Active Fatherhood

A new study finds that dads who sleep near their children experience a drop in testosterone
Fatherhood
According to Gettler, paternal physiology has the capacity to respond to children.

As it turns out, mothers aren’t the only ones who are biologically adapted to respond to children. A new research study has found that fathers who sleep near their children experience a drop in testosterone, which helps them become a more focused and caring parent.

The study was conducted by anthropologist Lee Gettler from University of Notre Dame and was published recently in PLoS ONE. The research found that close sleep proximity between fathers and their children (on the same sleeping surface) results in lower testosterone than in fathers who sleep alone.

For the study, 362 fathers were sampled, all of whom were 25-26 years old. They were divided according to their reported nighttime sleeping location: solitary sleepers, those who slept in the same room as their children, and those fathers who slept on the same surface as their children. Saliva samples were collected upon waking and again just prior to sleep, and their testosterone levels were measured.

Though the waking hormone levels of the three groups showed no significant differences, fathers who slept on the same surface as their children showed the lowest evening testosterone. This hormone is known to enhance male mating effort, and higher levels have been linked to behaviours that might conflict with effective fathering, such as risk taking and sensation seeking.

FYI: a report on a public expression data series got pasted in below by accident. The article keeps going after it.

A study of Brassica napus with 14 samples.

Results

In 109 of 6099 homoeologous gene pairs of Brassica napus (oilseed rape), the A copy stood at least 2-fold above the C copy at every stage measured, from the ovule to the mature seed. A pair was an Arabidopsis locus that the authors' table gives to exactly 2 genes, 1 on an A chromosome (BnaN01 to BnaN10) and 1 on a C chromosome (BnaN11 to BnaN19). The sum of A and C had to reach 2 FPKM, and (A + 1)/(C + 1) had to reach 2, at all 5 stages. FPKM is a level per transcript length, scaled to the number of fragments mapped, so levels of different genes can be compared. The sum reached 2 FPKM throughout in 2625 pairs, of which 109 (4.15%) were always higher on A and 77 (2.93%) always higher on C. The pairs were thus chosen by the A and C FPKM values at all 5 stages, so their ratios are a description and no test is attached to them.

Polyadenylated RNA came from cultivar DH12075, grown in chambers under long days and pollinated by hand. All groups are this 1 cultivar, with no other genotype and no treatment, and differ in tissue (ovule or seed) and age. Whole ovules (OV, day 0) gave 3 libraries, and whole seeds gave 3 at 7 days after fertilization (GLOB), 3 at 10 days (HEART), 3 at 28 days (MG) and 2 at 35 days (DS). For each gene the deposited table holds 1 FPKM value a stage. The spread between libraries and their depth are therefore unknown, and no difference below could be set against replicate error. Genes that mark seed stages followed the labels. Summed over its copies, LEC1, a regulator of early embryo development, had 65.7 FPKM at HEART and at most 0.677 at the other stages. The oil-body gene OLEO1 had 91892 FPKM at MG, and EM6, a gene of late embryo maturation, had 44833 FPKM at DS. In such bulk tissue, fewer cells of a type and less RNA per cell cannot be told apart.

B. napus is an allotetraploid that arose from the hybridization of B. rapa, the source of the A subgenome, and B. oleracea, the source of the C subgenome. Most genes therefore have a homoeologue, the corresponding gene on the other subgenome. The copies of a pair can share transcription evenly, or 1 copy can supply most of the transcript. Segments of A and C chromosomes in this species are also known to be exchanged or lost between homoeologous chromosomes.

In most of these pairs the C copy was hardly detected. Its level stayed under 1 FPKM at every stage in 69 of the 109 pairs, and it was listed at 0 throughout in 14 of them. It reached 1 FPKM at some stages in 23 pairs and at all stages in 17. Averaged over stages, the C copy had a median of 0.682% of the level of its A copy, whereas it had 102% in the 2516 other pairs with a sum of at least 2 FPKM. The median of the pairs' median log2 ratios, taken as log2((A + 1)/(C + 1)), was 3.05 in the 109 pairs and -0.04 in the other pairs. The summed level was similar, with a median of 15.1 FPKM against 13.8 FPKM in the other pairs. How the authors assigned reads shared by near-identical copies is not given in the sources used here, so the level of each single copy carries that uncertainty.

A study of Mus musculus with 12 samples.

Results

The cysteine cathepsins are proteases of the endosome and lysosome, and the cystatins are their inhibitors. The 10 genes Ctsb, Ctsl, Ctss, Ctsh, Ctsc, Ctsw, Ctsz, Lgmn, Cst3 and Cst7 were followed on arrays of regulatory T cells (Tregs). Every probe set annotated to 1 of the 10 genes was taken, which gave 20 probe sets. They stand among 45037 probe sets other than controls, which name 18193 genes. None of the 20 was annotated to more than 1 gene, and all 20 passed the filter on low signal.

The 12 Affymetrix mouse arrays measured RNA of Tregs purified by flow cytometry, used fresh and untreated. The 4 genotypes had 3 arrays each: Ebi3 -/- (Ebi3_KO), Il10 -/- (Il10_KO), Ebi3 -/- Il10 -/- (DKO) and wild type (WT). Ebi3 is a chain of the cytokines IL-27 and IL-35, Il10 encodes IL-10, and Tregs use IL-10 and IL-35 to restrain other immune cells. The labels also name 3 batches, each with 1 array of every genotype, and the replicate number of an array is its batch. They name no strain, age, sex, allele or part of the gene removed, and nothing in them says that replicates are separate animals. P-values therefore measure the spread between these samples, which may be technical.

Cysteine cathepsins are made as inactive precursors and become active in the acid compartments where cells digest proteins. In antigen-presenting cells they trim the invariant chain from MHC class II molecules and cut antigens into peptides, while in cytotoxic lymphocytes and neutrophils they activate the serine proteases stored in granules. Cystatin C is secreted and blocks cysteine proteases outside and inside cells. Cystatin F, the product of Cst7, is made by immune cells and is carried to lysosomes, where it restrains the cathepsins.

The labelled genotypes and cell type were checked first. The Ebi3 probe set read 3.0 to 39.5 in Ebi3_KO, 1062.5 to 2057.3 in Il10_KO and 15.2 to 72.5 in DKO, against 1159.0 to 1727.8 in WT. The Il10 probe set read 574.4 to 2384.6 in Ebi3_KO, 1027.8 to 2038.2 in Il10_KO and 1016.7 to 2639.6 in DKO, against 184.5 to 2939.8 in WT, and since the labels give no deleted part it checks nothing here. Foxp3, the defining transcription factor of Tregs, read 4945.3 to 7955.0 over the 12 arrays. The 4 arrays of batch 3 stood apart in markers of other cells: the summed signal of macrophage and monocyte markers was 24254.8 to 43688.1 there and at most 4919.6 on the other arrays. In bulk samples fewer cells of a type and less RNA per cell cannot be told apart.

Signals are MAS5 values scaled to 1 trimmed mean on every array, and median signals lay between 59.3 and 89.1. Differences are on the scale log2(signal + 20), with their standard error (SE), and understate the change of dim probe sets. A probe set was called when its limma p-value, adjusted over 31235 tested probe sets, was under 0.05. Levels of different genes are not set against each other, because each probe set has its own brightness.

According to Gettler, paternal physiology has the capacity to respond to children. ‘Our prior research has shown that when men become fathers, their testosterone decreases, sometimes dramatically, and that those who spend the most time in hands-on care—playing with their children, feeding them or reading to them—had lower testosterone. These new results complement the original research by taking it one step further, showing that nighttime closeness or proximity between fathers and their kids has effects on men’s biology, and it appears to be independent of what they are doing during the day,’ Gettler writes.

He adds that there is growing evidence that men’s physiology can respond to involved parenthood—something that was thought to be limited to women. ‘This suggests to us that active fatherhood has a deep history in the human species and our ancestors… We see increasing biological evidence suggesting that males have long embraced this role.’